The primary purpose of Glacier National Park is to preserve natural ecosystems for their aesthetic, educational, cultural, and scientific values. Through the management of fish and aquatic environments, the park hopes to encourage an appreciation for the preservation of native fishes in natural and mostly undisturbed aquatic habitats.
Fishing is permitted when consistent with preservation or restoration of natural aquatic environments. To fulfill these objectives, certain regulations, guidelines, and courtesies must be followed.
Season and Possession Limits
Catch and Release Fishing
Daily catch and possession limits will not exceed five fish, including no more than: two cutthroat trout (see ‘catch and release fishing’ above), two burbot (ling), one northern pike, two mountain whitefish, five lake whitefish, five kokanee salmon, five grayling, five rainbow trout, and five lake trout.
No bull trout may be retained and any caught incidentally must be immediately released.Fish Consumption Advisory: If you plan on keeping fish to eat, please check the fish consumption guidelines.
Equipment and Bait
The use of all lead associated with fishing is prohibited within Glacier National Park. This includes weights, lures, jigs, line, etc. The only exception is a fisherman who is using a "down-rigger" may use cannon ball lead weights of 2 pounds or larger on the down-rigger cable.
Alternatives to lead are nontoxic materials such as brass, steel, bismuth, and tungsten, available at major sporting goods stores.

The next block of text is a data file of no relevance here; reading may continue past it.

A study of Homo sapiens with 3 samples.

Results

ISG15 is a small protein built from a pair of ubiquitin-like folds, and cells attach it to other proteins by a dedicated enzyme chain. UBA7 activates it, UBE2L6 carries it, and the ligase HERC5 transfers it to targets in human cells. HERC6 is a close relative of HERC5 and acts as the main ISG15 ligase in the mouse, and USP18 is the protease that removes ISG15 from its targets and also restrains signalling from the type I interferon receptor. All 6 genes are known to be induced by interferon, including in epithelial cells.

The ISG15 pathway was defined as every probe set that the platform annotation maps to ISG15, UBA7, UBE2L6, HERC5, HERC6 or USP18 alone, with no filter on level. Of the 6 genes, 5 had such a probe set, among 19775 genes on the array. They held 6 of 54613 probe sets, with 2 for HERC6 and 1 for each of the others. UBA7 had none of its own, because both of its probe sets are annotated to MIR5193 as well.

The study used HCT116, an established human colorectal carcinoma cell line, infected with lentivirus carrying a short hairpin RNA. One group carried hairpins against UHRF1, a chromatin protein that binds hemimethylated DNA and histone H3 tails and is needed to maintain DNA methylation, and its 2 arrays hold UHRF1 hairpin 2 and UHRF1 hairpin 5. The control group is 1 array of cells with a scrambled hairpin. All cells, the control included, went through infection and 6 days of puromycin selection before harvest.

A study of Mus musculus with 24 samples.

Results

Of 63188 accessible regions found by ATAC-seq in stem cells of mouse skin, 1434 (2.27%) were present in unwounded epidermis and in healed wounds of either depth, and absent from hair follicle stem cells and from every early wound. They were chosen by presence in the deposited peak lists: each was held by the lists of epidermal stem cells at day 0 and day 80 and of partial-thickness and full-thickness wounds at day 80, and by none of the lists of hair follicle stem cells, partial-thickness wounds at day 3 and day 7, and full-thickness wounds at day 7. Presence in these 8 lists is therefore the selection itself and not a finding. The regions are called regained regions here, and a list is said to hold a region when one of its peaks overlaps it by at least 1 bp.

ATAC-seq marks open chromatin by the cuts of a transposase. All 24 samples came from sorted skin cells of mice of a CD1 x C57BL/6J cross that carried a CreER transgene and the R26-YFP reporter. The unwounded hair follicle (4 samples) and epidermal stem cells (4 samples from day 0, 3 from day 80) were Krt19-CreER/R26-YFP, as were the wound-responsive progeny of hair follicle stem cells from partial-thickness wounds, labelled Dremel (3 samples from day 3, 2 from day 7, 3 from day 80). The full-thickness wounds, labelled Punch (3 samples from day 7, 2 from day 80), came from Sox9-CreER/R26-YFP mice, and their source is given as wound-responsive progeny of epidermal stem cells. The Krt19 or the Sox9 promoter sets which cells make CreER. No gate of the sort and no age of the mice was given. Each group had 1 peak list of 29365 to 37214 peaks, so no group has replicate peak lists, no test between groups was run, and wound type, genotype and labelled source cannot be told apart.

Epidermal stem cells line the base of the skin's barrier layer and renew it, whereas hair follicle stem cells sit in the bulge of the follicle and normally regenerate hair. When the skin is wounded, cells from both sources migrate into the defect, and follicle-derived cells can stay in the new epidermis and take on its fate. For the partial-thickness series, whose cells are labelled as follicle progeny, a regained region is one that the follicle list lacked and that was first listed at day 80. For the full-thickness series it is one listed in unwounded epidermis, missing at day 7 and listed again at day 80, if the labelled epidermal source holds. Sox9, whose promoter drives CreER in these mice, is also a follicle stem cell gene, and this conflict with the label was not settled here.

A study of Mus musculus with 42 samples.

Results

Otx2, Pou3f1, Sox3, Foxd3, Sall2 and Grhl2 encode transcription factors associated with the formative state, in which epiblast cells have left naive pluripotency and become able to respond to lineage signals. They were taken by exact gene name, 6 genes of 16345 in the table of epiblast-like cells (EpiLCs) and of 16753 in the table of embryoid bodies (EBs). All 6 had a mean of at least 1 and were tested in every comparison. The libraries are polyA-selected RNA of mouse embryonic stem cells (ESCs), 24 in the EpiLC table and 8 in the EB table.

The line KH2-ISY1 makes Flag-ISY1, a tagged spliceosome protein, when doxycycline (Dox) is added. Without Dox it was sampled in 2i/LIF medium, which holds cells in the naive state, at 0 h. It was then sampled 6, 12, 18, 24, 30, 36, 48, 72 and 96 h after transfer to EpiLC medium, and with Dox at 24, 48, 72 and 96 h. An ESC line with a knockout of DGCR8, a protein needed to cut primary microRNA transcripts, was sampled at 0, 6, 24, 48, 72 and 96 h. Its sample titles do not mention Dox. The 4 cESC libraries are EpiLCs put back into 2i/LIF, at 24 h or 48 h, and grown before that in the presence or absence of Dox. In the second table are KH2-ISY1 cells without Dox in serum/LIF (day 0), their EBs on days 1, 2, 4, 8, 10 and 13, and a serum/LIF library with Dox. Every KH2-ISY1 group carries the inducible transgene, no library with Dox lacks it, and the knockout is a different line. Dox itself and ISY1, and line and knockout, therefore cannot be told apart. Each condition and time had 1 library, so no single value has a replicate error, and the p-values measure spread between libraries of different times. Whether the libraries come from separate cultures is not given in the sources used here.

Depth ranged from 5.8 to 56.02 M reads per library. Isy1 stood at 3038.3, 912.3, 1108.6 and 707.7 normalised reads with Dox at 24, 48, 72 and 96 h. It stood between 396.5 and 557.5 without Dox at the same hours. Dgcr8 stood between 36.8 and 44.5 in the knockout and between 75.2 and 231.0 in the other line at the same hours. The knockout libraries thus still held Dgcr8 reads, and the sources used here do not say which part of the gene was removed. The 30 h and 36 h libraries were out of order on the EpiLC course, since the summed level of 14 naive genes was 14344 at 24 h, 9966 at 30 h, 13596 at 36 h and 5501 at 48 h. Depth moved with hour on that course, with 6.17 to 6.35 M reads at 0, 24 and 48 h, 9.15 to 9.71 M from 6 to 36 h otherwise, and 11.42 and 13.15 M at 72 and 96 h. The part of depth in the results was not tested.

Don't assume because a fish is small, it can't be a bull trout. Juvenile bull trout rear in small streams and can be confused with brook trout. If you don't know, LET IT GO.
Inquire at visitor centers or ranger stations for a Fish in Glacier brochure to help with identification. Information on fishing in Glacier National Park is available at park bookstores or by calling the Glacier National Park Conservancy at 406-888-5756. Request the publication Fishing Glacier National Park ($12.95).
When cleaning fish, use garbage cans where available for entrail disposal.
The skin must remain attached to any fish harvested while in the park for staff identification purposes.
Report all bear sightings to a ranger.
Stocking and Native Fish
The National Park Service is currently engaged in fisheries research to assess the status of native fish in the park and to develop programs to protect and enhance native fish populations. Ensuring the future survival of Glacier National Park's unique native fishes for the benefit and enjoyment of future generations is a key mandate of the National Park Service.
A concern we must all address is the spread of harmful aquatic invasive species (AIS). These are non-native species that can harm native aquatic ecosystems as well as negatively impact visitor use and enjoyment of park waterways. AIS such as lake trout have been extremely detrimental to native bull trout populations, replacing them as the top aquatic predator in the many of the large lakes on the west side of Glacier. AIS can come in many other forms including other animals such as zebra and quagga mussels, plants such as Eurasian watermilfoil, or pathogens such as whirling disease. These species can hitch a ride on boats, trailers, and float tubes, as well as on waders and wading boots. AIS have devastating impacts on native aquatic ecosystems.
Please thoroughly clean, drain, and dry all of your boating, wading, and fishing equipment before coming to the park. A free launch permit is required to launch all motorized/trailered boats in Glacier National Park. In order to qualify for the permit, all such boats must be inspected for AIS by NPS staff. Hand-propelled watercraft such as rafts, kayaks, and canoes need a self-certification form (available at ranger stations, visitor centers, backcountry permit offices, and at many boat launches). The signed form should be kept on the boaters person or in the vessel. The free launch permits are available during normal business hours at backcountry permit stations, visitor centers, and the park headquarters.